Rozanski earns his stars and stripes
July 4, 2008, is going to be a significant holiday for Dr. Mordechai Rozanski.
The University’s president will be celebrating two milestones. First of all, July 4 marks his 62nd birthday. But perhaps more importantly, Rozanski can celebrate Independence Day as a United States citizen for the first time ever.
“Mine has been a journey with a global perspective connecting countries and institutions, a bridge between the old and new, between despair and joy, and most importantly, between knowledge and opportunity,” he said.
Rozanski was sworn in just before spring semester began on Jan. 19. Yet, he has been crossing the globe since childhood. At the age of six, Rozanski, the son of Holocaust survivors, and his family left their native country of Poland and traveled “from Eastern Europe to Israel for two years, and France for one.” They finally settled in Montreal, Canada, in 1953. For Rozanski, his new home meant freedom and opportunity.
“And the highest expression of that opportunity was an education for me, a privilege denied [to] my parents,” he said. “Education was part of belonging somewhere, of shaping a future.”
Rozanski graduated from McGill University, earned his master’s degree at the University of Pennsylvania, and eventually returned to Canada to serve as president of the University of Guelph. After two terms as president, Rozanski, his wife and their children decided to move back to the United States. Their move coincided with Rozanski’s appointment as president of Rider. Still, something was missing.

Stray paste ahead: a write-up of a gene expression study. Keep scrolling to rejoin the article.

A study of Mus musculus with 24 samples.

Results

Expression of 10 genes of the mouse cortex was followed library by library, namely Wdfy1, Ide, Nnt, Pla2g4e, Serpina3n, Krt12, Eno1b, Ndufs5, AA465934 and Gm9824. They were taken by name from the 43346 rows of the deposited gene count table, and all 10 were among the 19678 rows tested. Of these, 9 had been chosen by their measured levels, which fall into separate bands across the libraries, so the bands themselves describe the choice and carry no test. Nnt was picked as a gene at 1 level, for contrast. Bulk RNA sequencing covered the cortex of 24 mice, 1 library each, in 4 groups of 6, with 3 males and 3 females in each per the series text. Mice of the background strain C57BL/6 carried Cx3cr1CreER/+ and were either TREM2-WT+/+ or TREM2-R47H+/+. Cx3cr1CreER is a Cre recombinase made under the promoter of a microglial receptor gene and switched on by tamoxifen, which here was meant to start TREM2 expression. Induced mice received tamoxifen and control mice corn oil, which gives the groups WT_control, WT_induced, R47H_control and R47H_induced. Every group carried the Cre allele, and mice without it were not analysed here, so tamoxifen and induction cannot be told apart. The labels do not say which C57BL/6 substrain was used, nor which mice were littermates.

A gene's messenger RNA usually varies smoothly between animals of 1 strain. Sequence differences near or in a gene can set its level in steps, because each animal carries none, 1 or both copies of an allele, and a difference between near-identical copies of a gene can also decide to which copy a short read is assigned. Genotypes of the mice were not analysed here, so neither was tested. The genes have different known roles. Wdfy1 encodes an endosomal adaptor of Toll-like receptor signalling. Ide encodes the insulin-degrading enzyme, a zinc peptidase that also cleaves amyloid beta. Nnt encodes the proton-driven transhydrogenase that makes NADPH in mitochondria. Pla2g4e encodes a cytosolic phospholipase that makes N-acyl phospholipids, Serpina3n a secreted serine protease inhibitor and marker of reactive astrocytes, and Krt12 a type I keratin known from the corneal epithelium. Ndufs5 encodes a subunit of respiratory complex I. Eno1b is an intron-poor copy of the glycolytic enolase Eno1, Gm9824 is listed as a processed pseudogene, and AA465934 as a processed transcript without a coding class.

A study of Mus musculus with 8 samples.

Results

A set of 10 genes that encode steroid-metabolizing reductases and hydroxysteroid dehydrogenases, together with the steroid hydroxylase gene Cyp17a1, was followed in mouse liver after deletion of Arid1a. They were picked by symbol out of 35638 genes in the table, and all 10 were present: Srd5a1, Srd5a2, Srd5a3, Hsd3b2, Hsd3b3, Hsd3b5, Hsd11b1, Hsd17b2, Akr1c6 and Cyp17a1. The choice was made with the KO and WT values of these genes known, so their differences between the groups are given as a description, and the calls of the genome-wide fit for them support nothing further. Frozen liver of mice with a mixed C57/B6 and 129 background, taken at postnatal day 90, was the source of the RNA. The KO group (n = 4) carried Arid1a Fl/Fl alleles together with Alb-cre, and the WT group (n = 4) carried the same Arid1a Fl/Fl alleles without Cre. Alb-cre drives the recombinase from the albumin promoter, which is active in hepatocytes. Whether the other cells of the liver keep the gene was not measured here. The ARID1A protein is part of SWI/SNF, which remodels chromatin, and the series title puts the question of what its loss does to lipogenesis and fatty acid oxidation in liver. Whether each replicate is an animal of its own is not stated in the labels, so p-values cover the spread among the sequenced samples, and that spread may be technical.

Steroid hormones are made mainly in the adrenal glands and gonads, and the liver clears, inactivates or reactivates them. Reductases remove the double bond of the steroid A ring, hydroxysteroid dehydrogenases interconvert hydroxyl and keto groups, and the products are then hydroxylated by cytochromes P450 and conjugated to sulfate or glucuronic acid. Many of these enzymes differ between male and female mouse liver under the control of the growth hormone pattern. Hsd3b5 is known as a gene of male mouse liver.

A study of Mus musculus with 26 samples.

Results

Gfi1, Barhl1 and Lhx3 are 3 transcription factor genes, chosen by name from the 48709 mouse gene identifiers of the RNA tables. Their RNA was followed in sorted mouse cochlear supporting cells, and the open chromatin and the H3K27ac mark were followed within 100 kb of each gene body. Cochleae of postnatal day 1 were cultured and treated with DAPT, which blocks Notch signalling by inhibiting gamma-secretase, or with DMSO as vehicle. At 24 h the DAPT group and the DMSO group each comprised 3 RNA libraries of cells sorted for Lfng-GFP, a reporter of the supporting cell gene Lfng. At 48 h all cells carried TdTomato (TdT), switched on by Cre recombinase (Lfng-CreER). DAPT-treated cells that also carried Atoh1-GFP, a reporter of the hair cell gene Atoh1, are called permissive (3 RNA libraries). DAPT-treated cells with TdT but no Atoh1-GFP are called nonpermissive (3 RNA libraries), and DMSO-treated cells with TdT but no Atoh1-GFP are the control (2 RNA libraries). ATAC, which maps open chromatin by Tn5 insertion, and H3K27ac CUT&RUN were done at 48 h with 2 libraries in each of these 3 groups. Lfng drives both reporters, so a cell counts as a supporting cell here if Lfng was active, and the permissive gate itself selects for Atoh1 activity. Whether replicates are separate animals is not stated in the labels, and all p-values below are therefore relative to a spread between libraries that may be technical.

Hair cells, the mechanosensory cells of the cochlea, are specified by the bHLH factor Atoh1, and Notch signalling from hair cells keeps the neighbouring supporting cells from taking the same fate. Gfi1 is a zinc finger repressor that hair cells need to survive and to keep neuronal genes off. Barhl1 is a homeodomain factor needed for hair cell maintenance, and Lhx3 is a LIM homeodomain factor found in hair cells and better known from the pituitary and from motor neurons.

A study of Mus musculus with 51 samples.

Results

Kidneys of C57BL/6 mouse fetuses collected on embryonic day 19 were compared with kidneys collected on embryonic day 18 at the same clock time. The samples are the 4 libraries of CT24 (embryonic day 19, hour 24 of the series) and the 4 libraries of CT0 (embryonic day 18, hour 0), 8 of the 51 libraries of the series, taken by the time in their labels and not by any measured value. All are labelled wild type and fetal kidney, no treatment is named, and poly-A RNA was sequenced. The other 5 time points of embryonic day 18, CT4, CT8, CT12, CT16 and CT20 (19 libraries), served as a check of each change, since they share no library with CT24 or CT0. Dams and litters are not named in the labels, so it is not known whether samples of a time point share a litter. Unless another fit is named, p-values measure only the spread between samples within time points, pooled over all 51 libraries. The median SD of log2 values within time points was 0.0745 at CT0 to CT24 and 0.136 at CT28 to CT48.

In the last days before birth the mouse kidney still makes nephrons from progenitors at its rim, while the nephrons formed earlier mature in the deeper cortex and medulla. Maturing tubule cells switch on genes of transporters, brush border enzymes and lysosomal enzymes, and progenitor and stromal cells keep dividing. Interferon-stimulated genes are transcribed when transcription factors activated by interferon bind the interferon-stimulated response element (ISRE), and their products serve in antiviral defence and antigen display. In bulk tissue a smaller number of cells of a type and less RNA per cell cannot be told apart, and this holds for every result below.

“All the while, I remained a Canadian citizen,” he said. “But I decided that it was time to lay down my roots here and that meant becoming a dual citizen.”
Applying for citizenship seemed like a logical step for Rozanski: His wife and children were all dual citizens. But citizenship was also a matter of pride.
“I will be able to join others in reciting the Pledge of Allegiance, sing the ‘Star-Spangled Banner’ at Rider basketball games and vote in elections,” he said.
Earning those American merits was not easy. Rozanski can probably sympathize with the stress of final exams that’s about to descend on students; the intense process of becoming a citizen meant a slew of “questionnaires, documentation, security checks and a rigorous, in-person interview.” The final test was more than 90 questions long, but Rozanski referred to it as “challenging and fun.”
“I think it gave me a background that many native-born U.S. citizens might not have,” he said. “‘Do you know how many amendments there are to the U.S. Constitution?’ ‘Can you name the first 13 states?’”
It’s appropriate for Rozanski to have earned this honor while at Rider; after all, under his administration, the University has begun to pursue relationships across the globe.
“I hope [my citizenship] symbolizes Rider’s diversity, multi-national character and dedication to a global perspective,” he said.
From a life of little opportunity to one of tremendous impact, from Europe to North America, Rozanski has certainly traveled a long way.
“I consider myself extraordinarily privileged to have become a U.S. citizen because it crowns a long and somewhat tortuous path of my personal journey,” he said.